It is an overcast sky in the middle of September as the leaves break away from the trees, signaling the changing of seasons. It has been drizzling all morning at Peaks View Park in Lynchburg, Virginia and the in-field dirt has changed into a wet clay-like texture. The Special Olympics Oklahoma Fighting Peacocks and the Special Olympics Maryland Fredrick County Heat will battle for the gold medal in the Unified division of the 2023 Special Olympics North America Softball Championship. That is if the rain holds off just a little longer.
It is the final game of the weekend and all who had been watching started to gather behind home plate. Eric Jackson stands on the mound to get things started. Three batters up, three batters down. It was a dream start for the Oklahoma team that had not lost in an estimated seventy-five games. But within the next inning Maryland took a shocking 4-0 lead. Maryland was fresh off a spectacular win against the Special Olympics Georgia Big Dogs, riding the high of victory in a must-win game if they wanted to face the Fighting Peacocks for gold.
A few batters later, Oklahoma finally brings a run in. However, it was an unfamiliar feeling for the Fighting Peacocks. They were playing from behind and in a close game for the first time since 2019. There was a jittery feeling in the air.
First base coach Michael Wolfe echoes the words “line drive, base hit, let’s go,” throughout the game. Weather conditions were not ideal, and it may have contributed to the Fighting Peacocks’ sloppy start. But, by the fifth inning, Oklahoma had found their mojo and hit a triple play. “It was stressful but then relieved after getting our bats going and our defense going,” Wolfe says.
The Fighting Peacocks then hit a two-run home run, followed by a four-base award. Better known as a home run—a four-base award— is when a fly ball leaves the field of play in fair territory. In this case, the fielder deflected the ball over the fence. Because the tournament had a two-home run limit, a four-base award does not punish the team at bat.
At the start of the open inning—an inning that is played following the allotted 60 minutes for which no time limit is set—the Fighting Peacocks bring in their closer. Joey Ross gets the outs, and the mission is complete. Adding it to the extensive list of accolades having won the gold medal at the 2018 Special Olympics USA Games in Seattle and the 2022 Special Olympics USA Games in Orlando, this one meant more.
“It was awesome,” second baseman Dillon Pruitt says following the game. “We are just a brotherhood; this is my 12th year doing this and it has been an absolute blessing. It just means a lot, this is what Special Olympics is all about, its competitiveness.”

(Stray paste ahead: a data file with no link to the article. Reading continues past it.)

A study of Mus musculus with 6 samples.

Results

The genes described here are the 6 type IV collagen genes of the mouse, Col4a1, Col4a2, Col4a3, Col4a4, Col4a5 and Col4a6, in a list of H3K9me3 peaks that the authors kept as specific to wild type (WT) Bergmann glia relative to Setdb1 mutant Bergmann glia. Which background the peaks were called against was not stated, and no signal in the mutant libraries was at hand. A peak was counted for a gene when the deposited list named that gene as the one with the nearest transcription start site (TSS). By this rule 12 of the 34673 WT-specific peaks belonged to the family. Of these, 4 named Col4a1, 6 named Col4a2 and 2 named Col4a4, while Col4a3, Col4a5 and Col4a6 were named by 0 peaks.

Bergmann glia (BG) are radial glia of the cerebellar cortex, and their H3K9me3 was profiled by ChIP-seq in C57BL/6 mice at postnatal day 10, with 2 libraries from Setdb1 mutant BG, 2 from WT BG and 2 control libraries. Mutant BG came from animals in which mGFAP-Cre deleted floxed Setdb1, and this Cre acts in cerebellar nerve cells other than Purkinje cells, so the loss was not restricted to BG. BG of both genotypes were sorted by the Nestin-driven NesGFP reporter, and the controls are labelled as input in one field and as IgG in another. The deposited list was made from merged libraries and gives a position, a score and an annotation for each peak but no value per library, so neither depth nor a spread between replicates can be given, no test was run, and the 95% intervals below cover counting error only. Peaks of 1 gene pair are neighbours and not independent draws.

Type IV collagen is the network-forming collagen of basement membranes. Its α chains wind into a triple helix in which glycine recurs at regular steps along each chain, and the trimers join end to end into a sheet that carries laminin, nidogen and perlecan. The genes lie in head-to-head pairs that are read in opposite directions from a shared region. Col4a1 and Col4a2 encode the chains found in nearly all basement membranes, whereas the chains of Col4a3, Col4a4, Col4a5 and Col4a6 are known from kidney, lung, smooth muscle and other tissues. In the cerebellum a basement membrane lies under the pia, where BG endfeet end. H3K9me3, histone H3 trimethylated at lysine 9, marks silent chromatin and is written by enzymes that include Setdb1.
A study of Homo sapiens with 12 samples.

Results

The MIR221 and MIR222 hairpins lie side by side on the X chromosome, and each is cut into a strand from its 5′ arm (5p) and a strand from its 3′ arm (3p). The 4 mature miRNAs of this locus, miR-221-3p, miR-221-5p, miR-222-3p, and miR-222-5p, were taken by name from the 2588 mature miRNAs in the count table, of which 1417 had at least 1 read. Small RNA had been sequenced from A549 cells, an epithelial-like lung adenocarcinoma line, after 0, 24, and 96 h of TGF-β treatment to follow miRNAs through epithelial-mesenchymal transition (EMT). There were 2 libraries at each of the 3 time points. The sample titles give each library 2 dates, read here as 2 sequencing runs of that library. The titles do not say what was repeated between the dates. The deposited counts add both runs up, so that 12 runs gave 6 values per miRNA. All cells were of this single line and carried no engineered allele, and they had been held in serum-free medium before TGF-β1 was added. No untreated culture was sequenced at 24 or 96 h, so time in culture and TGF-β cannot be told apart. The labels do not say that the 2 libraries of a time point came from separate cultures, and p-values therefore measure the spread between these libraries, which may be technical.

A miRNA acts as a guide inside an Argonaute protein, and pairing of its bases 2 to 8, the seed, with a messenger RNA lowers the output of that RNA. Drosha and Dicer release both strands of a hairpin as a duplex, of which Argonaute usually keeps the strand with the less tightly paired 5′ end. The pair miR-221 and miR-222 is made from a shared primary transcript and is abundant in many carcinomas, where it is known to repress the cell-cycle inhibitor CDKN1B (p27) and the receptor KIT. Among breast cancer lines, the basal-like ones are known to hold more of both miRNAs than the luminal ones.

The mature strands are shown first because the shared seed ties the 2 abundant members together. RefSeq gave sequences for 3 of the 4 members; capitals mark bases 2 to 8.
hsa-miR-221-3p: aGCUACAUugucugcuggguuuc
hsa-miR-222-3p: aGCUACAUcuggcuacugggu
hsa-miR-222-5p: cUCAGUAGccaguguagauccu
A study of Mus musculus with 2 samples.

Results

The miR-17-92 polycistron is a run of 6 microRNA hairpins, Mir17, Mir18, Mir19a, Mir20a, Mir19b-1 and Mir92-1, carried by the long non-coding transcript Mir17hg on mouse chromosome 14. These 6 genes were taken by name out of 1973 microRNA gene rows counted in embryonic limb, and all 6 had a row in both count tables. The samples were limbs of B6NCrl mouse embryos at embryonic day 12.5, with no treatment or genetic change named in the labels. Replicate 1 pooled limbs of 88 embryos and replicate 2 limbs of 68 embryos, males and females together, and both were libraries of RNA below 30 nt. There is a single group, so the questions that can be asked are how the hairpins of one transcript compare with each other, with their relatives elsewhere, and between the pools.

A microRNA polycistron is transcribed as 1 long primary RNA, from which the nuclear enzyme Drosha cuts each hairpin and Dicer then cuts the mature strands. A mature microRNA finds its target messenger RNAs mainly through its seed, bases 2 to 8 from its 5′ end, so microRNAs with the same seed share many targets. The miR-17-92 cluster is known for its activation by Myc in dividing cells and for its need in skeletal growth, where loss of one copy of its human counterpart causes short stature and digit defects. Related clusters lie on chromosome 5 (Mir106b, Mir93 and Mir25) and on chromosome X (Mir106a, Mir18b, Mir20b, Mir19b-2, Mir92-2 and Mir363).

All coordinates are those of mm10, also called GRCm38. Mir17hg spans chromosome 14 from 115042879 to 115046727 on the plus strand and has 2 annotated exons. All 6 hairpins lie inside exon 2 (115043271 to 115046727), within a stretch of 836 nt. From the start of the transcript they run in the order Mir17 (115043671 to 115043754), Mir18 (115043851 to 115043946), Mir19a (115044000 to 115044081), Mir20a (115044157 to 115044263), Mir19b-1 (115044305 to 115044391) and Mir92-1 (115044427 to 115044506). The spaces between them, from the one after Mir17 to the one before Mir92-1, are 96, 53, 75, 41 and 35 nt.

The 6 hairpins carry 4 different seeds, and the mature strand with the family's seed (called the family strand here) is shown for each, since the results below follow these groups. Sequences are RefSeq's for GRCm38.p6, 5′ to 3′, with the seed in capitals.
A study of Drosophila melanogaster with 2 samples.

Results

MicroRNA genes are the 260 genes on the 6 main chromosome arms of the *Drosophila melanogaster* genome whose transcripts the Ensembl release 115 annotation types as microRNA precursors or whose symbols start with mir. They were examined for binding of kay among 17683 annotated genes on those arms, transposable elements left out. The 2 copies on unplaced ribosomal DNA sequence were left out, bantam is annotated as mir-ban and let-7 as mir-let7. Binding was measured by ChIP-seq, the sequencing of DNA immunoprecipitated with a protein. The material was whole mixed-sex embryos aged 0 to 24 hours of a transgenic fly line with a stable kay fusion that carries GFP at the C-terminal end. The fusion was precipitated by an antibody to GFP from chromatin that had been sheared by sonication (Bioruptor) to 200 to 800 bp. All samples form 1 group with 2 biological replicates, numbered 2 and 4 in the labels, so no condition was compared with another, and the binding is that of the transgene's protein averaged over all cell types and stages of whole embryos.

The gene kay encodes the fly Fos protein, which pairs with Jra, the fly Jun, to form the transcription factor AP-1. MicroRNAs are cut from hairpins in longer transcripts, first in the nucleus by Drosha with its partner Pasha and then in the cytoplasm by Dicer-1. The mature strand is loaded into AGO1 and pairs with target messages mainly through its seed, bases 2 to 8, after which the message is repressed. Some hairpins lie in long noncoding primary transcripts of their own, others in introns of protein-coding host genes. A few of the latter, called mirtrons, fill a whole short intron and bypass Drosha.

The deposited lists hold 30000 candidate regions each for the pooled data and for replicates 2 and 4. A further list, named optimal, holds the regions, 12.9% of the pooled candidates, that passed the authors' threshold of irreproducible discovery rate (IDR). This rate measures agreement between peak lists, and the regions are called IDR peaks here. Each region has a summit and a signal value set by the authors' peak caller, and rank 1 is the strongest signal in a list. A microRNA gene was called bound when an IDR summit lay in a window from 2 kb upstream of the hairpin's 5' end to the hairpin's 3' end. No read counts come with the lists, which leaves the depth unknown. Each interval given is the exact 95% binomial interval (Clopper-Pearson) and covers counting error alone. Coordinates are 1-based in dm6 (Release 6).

Jerimey Jackson was one of the most athletically gifted human beings Tyler Jackson had the honor of knowing. Gushing with pride talking about the list of Division I scholarships Jerimey received, Tyler and his teammates spoke highly of Jerimey’s character and how much of a jokester he was. “It doesn’t matter how bad the day was or if it was completely unnecessary, he’d hurt himself to make sure people laughed, he was just a mood changer,” Tyler says with a spark in his voice about his uncle.
Some years ago, during Thanksgiving break and nearing the playoffs for football in Oklahoma, Jerimey got pneumonia. Then, he got a staph infection, but had surgery to remove the infection that overtook 98 percent of his lung. After five or six years of just living with it, a little over four years ago, Jerimey had a double lung transplant. “He couldn’t really do much, he could walk to the kitchen and back,” Tyler says about his uncle. Following the transplant, “He had the ability to move around and have fun with his kids,” Tyler shares. “We were out here with Special Olympics practicing and he noticed how much it was helping athletes.”
Just from watching practice, Jerimey was impacted by what he saw. “He came in head over heels,” Tyler says about him joining the team. “It was most definitely a passion that he picked up pretty quick and he loved everybody on this team.”
It did not matter what day or time it was, Jerimey always reached out to people and asked if they wanted to practice. He was one of those guys who was not really in the plan but found his way to the Fighting Peacocks and they embraced him. He quickly became the heart and soul of the Oklahoma team.
“He was always cool and fun to play with, he was a good athlete,” catcher Brad Tanner says. “I enjoyed him, I really did.”
Those times in hardship fighting the futures unknown, gave Tyler and his father Eric, Jerimey’s brother, the greatest gift of all. Time together. The three of them and the softball team who’d become like family.
Jerimey Jackson died on June 16th, 2023.
Now, the Fighting Peacocks play in his honor. No matter where they are, or what field they are on, Jerimey is with them. Throughout the weekend, players wore an arm sleeve in his memory, a No. 33 decal stuck to the back of each helmet, and they carved out “4, 33” in the dirt next to the dugout. During the second day of the tournament, Eric wore his jersey.
On the opening day of the tournament, Tyler hit two home runs and says laughing “I don’t hit home runs, yesterday I hit two,” letting everyone know his uncle was with him.
In the end, the Oklahoma Fighting Peacocks finished the tournament with an undefeated record. They accomplished everything they set out to do and honored their teammate beautifully. Like they do every game, following Oklahoma’s 12-9 victory over Maryland, both teams huddled together for a team prayer. A moment of unity after fierce competition.
And then there are the two Jacksons, teary-eyed and emotional. Father and son with the game ball in hand embracing near the pitcher’s mound. A demonstration of their love for each other and the uncle, brother and teammate who is deeply missed.